Nicole Kidman and Colin Firth stood by the cutting at Kanchanaburi in Thailand — site of the infamous Death Railway — lost in a moment of reverence.
A lifetime ago, during World War Two, Allied soldiers — mainly British and Australian — cut through the malaria-infested jungle and rocks in order to construct a bridge across this ravine. Many died as a result of the fierce heat, harsh conditions and cruelty of their Japanese captors.
One of the those who survived was Eric Lomax, a Scottish-born second lieutenant. For years, he was haunted by what happened but wouldn’t speak of it — until he married Patti, who helped him fight the demons that gave him sleepless nights.
Nicole and Colin were in Thailand to portray the Lomaxes in later life (Jeremy Irvine plays the young soldier) in a film called The Railway Man, which opens here on New Year’s Day.
‘This place is devastating,’ Nicole told me, as we spoke between scenes, her words echoing off the sheer rock walls. ‘Patti Lomax told me about this. She said: “When you go there, you’ll feel the ghosts.” And you really do.’
More than a year later, when I mention that scene to Nicole, she is still affected by the experience. ‘It’s not an easy place to go to,’ she said.
‘What Eric and those other men went through was unimaginable. But they weren’t able to talk about it, and this code of silence was harmful to them, and it ruined relationships.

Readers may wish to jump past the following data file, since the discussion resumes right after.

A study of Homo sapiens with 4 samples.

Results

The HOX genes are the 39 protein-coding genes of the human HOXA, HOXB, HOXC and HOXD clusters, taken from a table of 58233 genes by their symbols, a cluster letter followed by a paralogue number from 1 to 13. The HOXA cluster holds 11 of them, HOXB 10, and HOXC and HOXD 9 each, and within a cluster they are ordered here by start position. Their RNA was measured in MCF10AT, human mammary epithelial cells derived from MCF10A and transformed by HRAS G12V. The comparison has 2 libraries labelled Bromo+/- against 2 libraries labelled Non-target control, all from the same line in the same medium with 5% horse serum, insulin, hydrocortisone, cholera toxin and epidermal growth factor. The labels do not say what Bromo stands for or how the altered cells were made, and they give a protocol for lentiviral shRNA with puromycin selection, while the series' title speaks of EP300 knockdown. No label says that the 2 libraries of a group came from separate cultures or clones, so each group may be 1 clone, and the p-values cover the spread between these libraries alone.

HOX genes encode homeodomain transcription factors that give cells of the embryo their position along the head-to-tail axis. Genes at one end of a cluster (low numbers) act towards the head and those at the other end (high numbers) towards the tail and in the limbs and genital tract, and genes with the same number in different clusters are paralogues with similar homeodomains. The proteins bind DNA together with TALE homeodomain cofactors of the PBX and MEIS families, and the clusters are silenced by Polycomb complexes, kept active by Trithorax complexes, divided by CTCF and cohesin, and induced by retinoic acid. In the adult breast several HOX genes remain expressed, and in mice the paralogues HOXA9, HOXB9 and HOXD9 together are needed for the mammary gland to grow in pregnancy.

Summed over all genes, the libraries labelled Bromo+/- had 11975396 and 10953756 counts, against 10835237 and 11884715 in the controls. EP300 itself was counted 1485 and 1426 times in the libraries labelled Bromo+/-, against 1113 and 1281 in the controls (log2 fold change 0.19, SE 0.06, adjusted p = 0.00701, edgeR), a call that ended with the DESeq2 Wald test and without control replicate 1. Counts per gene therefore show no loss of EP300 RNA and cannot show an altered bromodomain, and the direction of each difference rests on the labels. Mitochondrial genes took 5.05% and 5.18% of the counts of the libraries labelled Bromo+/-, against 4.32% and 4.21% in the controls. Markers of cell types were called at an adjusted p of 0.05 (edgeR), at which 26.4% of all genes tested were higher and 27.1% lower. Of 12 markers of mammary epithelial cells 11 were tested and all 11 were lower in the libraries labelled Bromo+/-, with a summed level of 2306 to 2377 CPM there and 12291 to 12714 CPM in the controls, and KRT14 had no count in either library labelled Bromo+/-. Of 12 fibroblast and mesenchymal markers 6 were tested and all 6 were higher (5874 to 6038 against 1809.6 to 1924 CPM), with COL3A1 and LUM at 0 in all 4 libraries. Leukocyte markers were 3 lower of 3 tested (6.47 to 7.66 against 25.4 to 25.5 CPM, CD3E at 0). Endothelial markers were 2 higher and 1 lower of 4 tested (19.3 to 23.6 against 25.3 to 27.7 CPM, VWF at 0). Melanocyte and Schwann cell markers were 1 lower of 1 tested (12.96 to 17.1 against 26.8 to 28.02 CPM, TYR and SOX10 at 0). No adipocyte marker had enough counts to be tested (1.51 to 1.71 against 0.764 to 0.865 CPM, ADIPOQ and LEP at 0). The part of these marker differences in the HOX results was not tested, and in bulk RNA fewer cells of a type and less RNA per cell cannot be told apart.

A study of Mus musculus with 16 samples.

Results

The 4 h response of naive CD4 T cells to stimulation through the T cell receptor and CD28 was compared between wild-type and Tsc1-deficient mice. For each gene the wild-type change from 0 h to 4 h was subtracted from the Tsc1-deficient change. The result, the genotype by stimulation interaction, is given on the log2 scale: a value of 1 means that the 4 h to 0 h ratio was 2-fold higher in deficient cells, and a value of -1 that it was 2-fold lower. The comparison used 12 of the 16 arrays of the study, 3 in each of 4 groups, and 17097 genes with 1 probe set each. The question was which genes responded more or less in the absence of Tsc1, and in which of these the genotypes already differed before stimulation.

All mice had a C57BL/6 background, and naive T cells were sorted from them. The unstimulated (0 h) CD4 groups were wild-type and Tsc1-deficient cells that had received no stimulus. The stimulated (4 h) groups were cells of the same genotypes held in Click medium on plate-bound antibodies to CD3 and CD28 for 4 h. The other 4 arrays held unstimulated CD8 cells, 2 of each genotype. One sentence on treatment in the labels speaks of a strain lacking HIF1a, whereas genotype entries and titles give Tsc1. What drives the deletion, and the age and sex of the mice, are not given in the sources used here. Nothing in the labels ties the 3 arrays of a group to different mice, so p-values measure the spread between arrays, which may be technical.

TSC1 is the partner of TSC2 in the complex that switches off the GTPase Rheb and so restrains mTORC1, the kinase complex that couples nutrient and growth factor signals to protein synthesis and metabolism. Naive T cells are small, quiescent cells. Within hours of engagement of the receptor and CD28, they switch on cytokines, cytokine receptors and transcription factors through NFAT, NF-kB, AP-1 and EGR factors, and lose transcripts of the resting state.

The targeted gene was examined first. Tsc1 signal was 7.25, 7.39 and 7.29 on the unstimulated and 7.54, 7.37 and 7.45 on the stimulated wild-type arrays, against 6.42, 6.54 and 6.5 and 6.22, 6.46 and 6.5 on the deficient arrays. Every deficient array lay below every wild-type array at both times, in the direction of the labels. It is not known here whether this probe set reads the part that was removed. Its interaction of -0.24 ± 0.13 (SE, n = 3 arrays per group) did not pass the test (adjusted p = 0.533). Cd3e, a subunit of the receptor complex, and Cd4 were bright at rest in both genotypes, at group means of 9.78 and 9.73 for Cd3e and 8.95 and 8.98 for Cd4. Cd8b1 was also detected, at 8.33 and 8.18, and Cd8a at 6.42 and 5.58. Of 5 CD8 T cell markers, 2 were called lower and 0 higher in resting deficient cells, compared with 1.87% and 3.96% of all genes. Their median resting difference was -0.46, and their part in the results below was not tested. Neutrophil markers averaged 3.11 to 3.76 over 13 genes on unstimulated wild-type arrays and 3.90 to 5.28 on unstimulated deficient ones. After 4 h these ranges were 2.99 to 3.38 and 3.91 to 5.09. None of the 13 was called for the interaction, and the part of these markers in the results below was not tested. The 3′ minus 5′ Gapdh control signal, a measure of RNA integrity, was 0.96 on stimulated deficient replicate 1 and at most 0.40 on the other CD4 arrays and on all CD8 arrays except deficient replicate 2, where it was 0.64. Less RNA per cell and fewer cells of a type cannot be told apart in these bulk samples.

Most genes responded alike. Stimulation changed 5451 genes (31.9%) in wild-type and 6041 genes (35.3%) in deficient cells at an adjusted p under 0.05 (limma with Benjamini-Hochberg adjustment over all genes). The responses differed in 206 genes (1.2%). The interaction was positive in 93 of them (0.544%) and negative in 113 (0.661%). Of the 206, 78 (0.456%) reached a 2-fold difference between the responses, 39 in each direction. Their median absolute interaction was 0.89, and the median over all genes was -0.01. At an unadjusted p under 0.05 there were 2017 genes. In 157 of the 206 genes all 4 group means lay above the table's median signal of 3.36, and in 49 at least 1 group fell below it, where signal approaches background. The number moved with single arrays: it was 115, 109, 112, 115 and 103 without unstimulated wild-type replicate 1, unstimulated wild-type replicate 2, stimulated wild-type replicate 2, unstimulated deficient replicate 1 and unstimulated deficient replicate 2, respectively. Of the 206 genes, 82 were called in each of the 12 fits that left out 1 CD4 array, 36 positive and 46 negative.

‘But Patti wasn’t put off by the obstacles. She wanted to get at the truth of what happened to her husband, and she wouldn’t be put off.
‘Patti’s one of those people who hang in there, which is why I wanted to tackle it, because I believe in hanging in there,’ she said pointedly.
‘You know, love can be very healing. That can really help heal trauma. You can’t do it for them. You offer it. You be there for them, and be their constant.’
You’ve been through that, I suggest, thinking of how the actress helped her husband Keith Urban break free from his addictions. ‘Yes, I’ve probably been through that — but do not make it about me!’ she chides. ‘But it’s what drew me to the role,’ she conceded.
I recall how, in Thailand, we walked closer to the cutting. Nicole was holding an umbrella to ward off the sun’s rays.
‘Can’t you feel it?’ she asked me, as we neared the ravine. ‘It’s such sacred ground. You don’t have to conjure up emotion for the scene, because it’s all around you.
‘Patti said the same thing. She stood there weeping for all the boys when she came with Eric.’
The Railway Man’s producer, Andy Paterson, told me he was drawn to making the film, directed by Jonathan Teplitzky, by what Eric went through — and because of Patti.
‘I was interested in the woman who had the strength to find out what was wrong with this man, to fall in love with him and to do something about it.
‘Patti was initially reluctant to accept that what she’d been through with Eric could even vaguely be compared to the suffering of the guys who built the railway,’ Paterson told me.
Nicole shared that sensibility and said the film was really about Eric and what happened to him during and after the war. ‘It is important to be able to tell the story,’ she said.
‘And it might be of some help to the boys coming home from Afghanistan. Coming home is just as tough.’
Have you ever experienced a haunting?